HASTS student discovers hidden stories in Flint water crisis
Graduate student Elena Sobrino looks beyond the headlines to study interactions between the city’s people and institutions.
“People usually think MIT is exclusively focused on STEM research. I saw this program, HASTS, as a way to be in conversation with physical or biological scientists, as a social scientist myself.”
— PhD student Elena Sobrino
As the story of lead contamination in the water of Flint, Michigan, was unfolding in the national news, Elena Sobrino was finishing up her undergraduate degree at the University of Michigan at Flint. Now, as a graduate student in MIT’s Program in History, Anthropology, and Science, Technology, and Society (HASTS), the Flint native studies “the questions the water crisis has raised about science, power, and where to go from here.”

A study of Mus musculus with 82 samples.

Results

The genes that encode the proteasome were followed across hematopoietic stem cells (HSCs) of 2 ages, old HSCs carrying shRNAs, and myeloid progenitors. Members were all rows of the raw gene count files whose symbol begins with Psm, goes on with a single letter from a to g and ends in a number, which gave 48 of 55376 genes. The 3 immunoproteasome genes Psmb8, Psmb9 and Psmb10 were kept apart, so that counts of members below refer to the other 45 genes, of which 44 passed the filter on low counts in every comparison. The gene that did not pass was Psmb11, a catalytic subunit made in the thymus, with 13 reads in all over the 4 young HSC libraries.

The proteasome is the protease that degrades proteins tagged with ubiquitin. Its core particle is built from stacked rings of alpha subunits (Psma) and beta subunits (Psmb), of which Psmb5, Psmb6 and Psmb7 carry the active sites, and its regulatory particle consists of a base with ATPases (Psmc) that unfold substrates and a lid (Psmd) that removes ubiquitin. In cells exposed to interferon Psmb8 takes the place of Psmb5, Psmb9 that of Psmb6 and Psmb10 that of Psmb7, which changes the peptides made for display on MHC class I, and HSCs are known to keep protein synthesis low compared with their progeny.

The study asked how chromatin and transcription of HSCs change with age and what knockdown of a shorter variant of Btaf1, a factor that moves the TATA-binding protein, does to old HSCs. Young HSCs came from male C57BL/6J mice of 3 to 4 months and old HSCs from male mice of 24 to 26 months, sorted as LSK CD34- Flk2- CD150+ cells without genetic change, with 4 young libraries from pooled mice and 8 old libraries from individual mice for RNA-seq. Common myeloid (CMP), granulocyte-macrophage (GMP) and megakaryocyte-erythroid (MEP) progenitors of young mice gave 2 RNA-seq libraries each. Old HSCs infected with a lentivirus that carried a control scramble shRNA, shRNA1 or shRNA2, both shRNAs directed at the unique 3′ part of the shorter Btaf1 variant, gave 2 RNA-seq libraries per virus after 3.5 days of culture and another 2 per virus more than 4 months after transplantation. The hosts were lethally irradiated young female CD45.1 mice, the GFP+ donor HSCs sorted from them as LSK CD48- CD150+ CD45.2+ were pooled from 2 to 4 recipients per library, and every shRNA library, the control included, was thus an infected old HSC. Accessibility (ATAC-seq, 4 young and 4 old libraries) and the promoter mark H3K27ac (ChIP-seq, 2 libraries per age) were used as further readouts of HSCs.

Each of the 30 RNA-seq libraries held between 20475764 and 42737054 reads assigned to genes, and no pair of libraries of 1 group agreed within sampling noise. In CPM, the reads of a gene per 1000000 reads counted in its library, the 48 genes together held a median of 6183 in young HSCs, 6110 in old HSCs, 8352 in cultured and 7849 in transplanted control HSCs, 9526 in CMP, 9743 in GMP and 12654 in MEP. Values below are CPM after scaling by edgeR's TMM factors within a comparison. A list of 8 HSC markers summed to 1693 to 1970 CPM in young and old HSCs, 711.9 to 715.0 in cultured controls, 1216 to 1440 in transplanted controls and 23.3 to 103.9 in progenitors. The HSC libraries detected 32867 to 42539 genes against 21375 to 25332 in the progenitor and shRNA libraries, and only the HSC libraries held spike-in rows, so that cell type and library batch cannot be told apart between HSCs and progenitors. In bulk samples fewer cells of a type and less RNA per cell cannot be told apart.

“It’s an ongoing water crisis. People are continuing to deal with not knowing if their water is safe or not,” Sobrino says.
Her interest in the societal implications of science drew her to HASTS, despite a common misconception. “People usually think MIT is exclusively focused on STEM research. … I saw this program, HASTS, as a way to be in conversation with physical or biological scientists, as a social scientist myself.”
In addition to bringing the perspective of a Flint resident to her research, Sobrino also draws on her experience as an aid worker. Before she began her studies at MIT, Sobrino volunteered for the American Red Cross in Flint, where she worked on diversity and outreach projects and trained other volunteers. There, she noticed the dramatic shift in the resources that became available when news of the crisis went national.